Learn How To Make An Energetically Neutral Dog Food

Cooking for your dog is an easy way to improve overall health, wellness, and longevity.

In fact, you’ll be using food as medicine to help your dog live a longer, healthier life.

The following recipe is for “energetically balanced” dogs.

When I talk about energetic balance, I’m referring to subtle energy, your dog’s Yin and Yang.

When Yin and Yang get out of balance, sickness and disease occur.

By cooking at home, you’ll easily make sure your dog eats the right food to maintain proper energetic balance.


Is Your Dog Energetically Balanced?

A healthy, energetically balanced dog is mentally stable, healthy, disease-free, and has a perfect balance of Yin and Yang in the body.

The classic signs of balance and health in dogs are:

  • Absence of disease
  • Emotional stability
  • Clear skin
  • Clear, focused eyes
  • Unoffensive breath
  • The tongue is pinkish-red with a mild amount of saliva
  • Easily adaptable to different environments

Our goal with food therapy is creating and maintaining energetic balance in your dog’s body.

So, if your dog is already balanced, he or she will do great on an energetically balanced or “neutral” diet.

TCVM Energetically Neutral Foods

Energetically neutral foods will keep your dog in energetic balance.

The recommended ratios for a balanced canine diet are:

  • 60% – 80% Protein – mostly from meat
  • 20% – 40% Carbohydrates – from grains, vegetables, and fruit
    A minimum of 2% fat

If you have trouble judging the ratios, just use an online food tracker like those on Livestrong or Fitbit websites.


Energetically Neutral Dog Food Examples

Meats/Protein

  • Beef, beef liver
  • Chicken eggs
  • Fish (salmon, tuna, mackerel, carp, sardines)
  • Goose
  • Milk
  • Pigeon
  • Pork (liver, kidneys)
  • Quail
  • Tripe
  • Wild Rabbit

Vegetables/Fruits

  • Apple
  • Asparagus
  • Beetroot
  • Broccoli
  • Cabbage
  • Carrot
  • Cauliflower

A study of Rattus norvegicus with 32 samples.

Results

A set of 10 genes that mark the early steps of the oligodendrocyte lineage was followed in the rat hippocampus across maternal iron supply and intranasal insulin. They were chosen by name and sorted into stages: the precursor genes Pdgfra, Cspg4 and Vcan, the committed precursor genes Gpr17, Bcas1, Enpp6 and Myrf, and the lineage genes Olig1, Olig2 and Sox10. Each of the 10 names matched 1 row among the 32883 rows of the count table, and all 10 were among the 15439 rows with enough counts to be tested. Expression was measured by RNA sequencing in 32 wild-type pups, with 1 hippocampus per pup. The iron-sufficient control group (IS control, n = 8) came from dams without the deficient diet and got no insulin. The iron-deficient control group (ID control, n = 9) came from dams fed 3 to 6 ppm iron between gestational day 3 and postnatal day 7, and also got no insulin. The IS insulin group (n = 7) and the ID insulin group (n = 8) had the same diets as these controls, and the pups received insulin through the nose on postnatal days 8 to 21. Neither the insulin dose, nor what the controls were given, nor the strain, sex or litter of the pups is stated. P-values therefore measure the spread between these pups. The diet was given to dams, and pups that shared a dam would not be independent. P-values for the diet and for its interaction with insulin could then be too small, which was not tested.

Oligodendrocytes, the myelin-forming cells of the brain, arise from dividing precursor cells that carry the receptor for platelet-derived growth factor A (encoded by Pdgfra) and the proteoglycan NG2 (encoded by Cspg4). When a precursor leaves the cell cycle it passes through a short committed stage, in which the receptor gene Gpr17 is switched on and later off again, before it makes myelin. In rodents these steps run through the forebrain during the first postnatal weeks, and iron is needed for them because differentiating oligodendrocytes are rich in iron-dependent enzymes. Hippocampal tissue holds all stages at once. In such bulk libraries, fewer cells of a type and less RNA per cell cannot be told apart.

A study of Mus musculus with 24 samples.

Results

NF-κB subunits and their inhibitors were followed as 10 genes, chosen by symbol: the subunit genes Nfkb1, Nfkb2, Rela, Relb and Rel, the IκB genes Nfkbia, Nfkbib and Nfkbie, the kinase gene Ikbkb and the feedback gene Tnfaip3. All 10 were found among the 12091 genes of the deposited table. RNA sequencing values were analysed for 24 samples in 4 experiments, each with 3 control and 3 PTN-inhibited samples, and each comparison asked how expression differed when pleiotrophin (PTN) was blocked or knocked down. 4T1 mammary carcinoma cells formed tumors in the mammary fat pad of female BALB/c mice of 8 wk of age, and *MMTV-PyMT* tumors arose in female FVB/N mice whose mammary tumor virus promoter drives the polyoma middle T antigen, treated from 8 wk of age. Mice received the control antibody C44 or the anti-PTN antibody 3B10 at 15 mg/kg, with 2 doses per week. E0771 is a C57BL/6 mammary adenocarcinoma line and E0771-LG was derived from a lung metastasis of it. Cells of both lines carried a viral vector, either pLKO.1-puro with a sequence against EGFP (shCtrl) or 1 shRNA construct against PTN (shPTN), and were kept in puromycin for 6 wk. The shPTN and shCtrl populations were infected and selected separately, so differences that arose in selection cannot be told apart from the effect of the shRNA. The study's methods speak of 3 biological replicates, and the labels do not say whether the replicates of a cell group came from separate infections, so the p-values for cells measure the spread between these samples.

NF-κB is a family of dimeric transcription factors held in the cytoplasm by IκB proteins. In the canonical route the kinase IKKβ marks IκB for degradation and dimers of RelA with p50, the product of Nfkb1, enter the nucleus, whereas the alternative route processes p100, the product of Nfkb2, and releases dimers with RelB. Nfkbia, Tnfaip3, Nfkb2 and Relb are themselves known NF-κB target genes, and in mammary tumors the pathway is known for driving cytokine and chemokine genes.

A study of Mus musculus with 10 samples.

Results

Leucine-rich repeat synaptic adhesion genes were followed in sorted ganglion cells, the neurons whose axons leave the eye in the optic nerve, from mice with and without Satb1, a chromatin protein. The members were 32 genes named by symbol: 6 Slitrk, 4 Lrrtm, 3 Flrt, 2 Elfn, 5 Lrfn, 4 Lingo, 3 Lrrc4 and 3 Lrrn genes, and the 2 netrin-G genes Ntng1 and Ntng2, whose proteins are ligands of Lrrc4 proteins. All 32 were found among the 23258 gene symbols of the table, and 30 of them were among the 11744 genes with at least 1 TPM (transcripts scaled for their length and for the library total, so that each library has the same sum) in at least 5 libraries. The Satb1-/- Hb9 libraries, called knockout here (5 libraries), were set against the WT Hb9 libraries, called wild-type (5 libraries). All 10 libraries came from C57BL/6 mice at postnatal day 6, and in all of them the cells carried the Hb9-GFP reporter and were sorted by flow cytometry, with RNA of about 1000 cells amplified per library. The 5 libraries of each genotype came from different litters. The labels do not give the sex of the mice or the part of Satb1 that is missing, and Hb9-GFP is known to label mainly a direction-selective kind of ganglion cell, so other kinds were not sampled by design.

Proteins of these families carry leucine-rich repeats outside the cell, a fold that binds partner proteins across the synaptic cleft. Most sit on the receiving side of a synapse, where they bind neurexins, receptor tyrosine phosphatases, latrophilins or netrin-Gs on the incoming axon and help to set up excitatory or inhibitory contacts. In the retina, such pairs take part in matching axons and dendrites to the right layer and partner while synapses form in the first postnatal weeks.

• Chinese cabbage
  • Green beans
  • Green peas
  • String beans

Grains/Beans/Starch

  • Beans (kidney, red, black, soy, broad)
  • Bulgur
  • Corn
  • Peanuts
  • Potato
  • Rye
  • White rice
  • Yam

Fats

  • Black sesame oil
  • Olive oil

Sample Energetically Neutral Dog Food Recipe:

  • 5 pounds meat (see “meat/proteins” list above)
  • 1 1/2 pounds vegetables (see “vegetables” list above)
  • 1 1/2 pounds white potato
  • 1 1/2 tablespoons olive oil
  • 1 tablespoon ground flaxseed
  • 1 teaspoon rosemary
  • 1 teaspoon clove
  • 1 teaspoon basil
  • 2 teaspoons salt

Directions:

First, debone and chop the meat and vegetables.

Put all ingredients in crockpot layering:

  • Bottom: slow cooking root vegetables
  • Middle: Meat
  • Top: Fast cooking foods

Then, top with 1 cup water and cook on low for 4 hours.

In addition,  you need to also give certain supplements when feeding a home-cooked diet.

In addition, add the following to your pet’s diet:

Home Cooked Feeding Schedule:

Feed roughly 1.5 cups per 25 pounds of body weight twice daily.

Also, monitor your dog’s weight. If an undesirable weight loss occurs, please contact your veterinarian to make an adjustment in the feeding/diet plan.

Don’t Have Time to Cook? Order The Food Already Made!

Please consult with your veterinarian and use personal judgment when cooking at home for your dog. Even though pet food recalls and the poor quality of some pet foods are a concern, many veterinarians voice concerns over homemade diets.

 Accordingly, some vets feel that when fed exclusively, homemade diets may result in vitamin/mineral deficiencies that can adversely affect a pet’s health. So, if you choose to feed your dog a homemade diet, you must understand and meet your dog’s needs to stay healthy.

 Also, please share our recipe with your veterinarian. Your veterinarian can advise you on supplements for your pet’s individual situation.

 In addition, monitor your dog’s health by observing his/her temperament, skin, coat and waste. If you notice anything strange, contact your veterinarian immediately.